Do companies know who their customers are? Do they know who their customers are not?
In her recent book entitled The Definitive Drucker, the author Elizabeth Edersheim says that Peter Drucker, the grandfather of marketing, believed that beyond 1990 business as a whole could no longer rely on the old assumptions.
He thought there were many reasons for this. But foremost in his mind was that companies no longer just produce goods and services customers buy. Organizations now actually report to the customer as the boss. This is true whether companies understand it or not.
Let’s get down to every day reality for a few seconds.
You know how it is when you have a product question or you have decided to make a purchase. When the buying moment happens, it’s as if the business world were conspiring against keeping you from spending your money. That is particularly true if you have a question that the web site either does not answer or demands excessive time on your part to research.
Your natural course of action to cut through the web site step and get the answers to your questions is to call a sales person. So you go to the manufacturer’s web site for the contact information. But you search in vain for the sales phone number. In many instances, you will never find the contact address or phone number because it isn’t there. If it does exist on the web site, it is often hidden under layers of clicks hoping you will abandon the phone contact idea and search the web site more thoroughly.
I truly believe that many companies today make it quite clear they DO NOT WANT TO TALK TO YOU. After all, you are just an over-demanding customer the company serves reluctantly.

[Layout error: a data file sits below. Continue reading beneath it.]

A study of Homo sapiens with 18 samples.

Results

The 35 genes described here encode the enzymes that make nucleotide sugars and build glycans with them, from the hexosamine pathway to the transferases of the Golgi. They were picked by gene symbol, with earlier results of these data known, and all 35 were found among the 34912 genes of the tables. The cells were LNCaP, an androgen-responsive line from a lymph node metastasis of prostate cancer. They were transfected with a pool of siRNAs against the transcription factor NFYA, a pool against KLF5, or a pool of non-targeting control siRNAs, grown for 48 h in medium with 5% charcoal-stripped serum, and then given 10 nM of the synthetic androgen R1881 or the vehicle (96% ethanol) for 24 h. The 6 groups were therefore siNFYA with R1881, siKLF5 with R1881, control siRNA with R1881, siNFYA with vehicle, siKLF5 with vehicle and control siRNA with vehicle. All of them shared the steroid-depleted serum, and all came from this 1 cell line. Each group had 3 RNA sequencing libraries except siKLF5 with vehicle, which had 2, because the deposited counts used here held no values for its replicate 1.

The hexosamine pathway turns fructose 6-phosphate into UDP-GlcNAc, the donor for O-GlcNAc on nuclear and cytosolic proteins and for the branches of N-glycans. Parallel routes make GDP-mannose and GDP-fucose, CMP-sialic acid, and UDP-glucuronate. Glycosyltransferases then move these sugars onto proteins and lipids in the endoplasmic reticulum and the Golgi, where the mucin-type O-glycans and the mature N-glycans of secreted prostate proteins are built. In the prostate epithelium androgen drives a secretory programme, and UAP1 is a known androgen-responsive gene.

Then you try to beat the system by trying to call customer service instead of the sales area. The reasoning is that you are not a customer yet, but as a customer, you must wield some clout with the company.
That’s a no-go because you do not have the product serial number allowing you access to a live person. Or they want you to pay a service fee for product support first before they will talk with you.
At that point, you are ready to punch “O” on the phone with your clenched fist just to get out of the number-punching merry-go-round trap.
Great! You found a company with a live person to route your call by punching “0” on your phone pad! But wait, when you call, you have to ask the sales or customer support person to repeat every answer and question three times to understand it! It’s not a bad connection; it’s someone on the other side of the world who speaks a form of English you are not familiar with. And so the saga continues.
Why are companies so inept at customer service? Don’t they get it? Will they stay in business or prosper for long in a society that demands service above all?
In your view, do Companies really believe the customer is the boss?